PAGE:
I hate boxing. I mean I really, really detest it. I wish that it did not exist.* Unlike conservatives, however, I do not generally demand that my own preferences, beliefs and judgments about activities taking place between fully consenting adults in a free society be prohibited under penalty of law, just to suit me. This is because — again, unlike conservatives — I sincerely try not to be an asshole (although I am the first to admit that I am not always successful in this endeavor). So instead of being an asshole and blathering about banning the sport of boxing, I just decline to watch it on TV. I don’t follow it on the web. I don’t read about it in newspapers or magazines, nor do I discuss it with my friends. I don’t even rail against it on my blog. I simply avoid anything that has to do with boxing as much as possible. Nevertheless, this is a post about boxing, for reasons which will become clear in a moment.
Today the Palace received an urgent missive from Change.org, which reads in part:
Women’s boxing will make its debut at this year’s Olympic Games in London — a huge victory for female boxers who have fought for years to be taken seriously. But now it seems their participation will come with an outrageous catch: female boxers might be required to wear miniskirts in the ring.
The Amateur International Boxing Association (AIBA) is reportedly considering the new dress code because it thinks skirts will make the female athletes look “elegant” and help “distinguish” them from their male counterparts.
Oh my fucking dog.** Why doesn’t AIBA require them to wear thongs and box topless at the Olympics? It would be a boon the ratings for sure, but more importantly it would help distinguish women boxers from their male counterparts. And of course no one would ever have any interest in women’s athletics if participating females do not serve their primary function first: looking elegant. This is why I am petitioning the Olympic Committee to insist that they deny women the use of traditional sports equipment — like ski poles, lacrosse sticks or tennis rackets — in favor of festive feather boas. I think we can all agree any woman athlete would look elegant gliding down the slopes or taking to the field with a colorful flow of feathers wafting in her wake.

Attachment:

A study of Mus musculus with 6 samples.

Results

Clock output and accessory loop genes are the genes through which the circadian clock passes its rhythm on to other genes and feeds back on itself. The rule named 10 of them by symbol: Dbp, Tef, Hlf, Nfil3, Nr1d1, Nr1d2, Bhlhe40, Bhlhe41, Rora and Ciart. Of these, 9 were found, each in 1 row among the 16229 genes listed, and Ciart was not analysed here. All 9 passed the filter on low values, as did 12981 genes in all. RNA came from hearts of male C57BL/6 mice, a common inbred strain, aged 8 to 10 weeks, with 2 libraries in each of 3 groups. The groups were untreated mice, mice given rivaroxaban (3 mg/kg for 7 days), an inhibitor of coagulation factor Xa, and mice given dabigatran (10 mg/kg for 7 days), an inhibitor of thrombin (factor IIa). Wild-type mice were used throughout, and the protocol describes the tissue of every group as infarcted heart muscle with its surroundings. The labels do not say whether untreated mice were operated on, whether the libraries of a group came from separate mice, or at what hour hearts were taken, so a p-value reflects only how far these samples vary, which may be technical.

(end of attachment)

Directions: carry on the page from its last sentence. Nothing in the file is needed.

Elizabeth Plank, an amateur boxer based in London, is petitioning the AIBA to abandon the miniskirt regulation…
Elizabeth says, “The idea that female boxers should be made to wear skirts reduces these skilled athletes to sex objects. It undermines the respect they have long fought for.” Worse, competing in unfamiliar clothing could even negatively impact the boxers’ performances.
And Elizabeth isn’t the only boxer speaking out against the proposed dress code. When asked about the policy, three-time world champion Katie Taylor says, “I don’t even wear miniskirts on a night out, so I definitely won’t be wearing miniskirts in the ring.”
Fortunately, the AIBA will be considering public opinion and feedback from the boxing world before making its final decision next week. That means if enough people sign Elizabeth’s petition, you can force the AIBA to abandon the proposed dress code for good.
I do realize there are much more life-impacting issues in the world. But that does not mean we shouldn’t fight misogyny when we have an opportunity. So if you are so inclined, please sign the petition. Ladyboxers will thank you. And in any event, you probably do not want to be on their bad side.
*I find boxing personally triggering. And I deplore physical violence in all its forms. Boxing is an activity that would be considered a violent felony in almost any other circumstances, and it’s not exactly a giant leap from from the horrors of the Roman Colosseum to a championship fight at Madison Square Garden. Nevertheless, I stand in awe at the sheer athleticism of the sport and the fierce competitive spirit that fighters exhibit. More importantly, I wholeheartedly support consenting adults doing what they love, even if I don’t personally approve of it. (Imagine that.) Thus this post. YMMV.
**I do not have a dog. And if I did have a dog, it is hard to imagine myself using the the expression “Oh my fucking” before referring to it. But since I don’t have any gods either (and neither do you of course), I figured my imaginary dog should work just as well as any other imaginary friend in this particular figure of speech. Again, YMMV.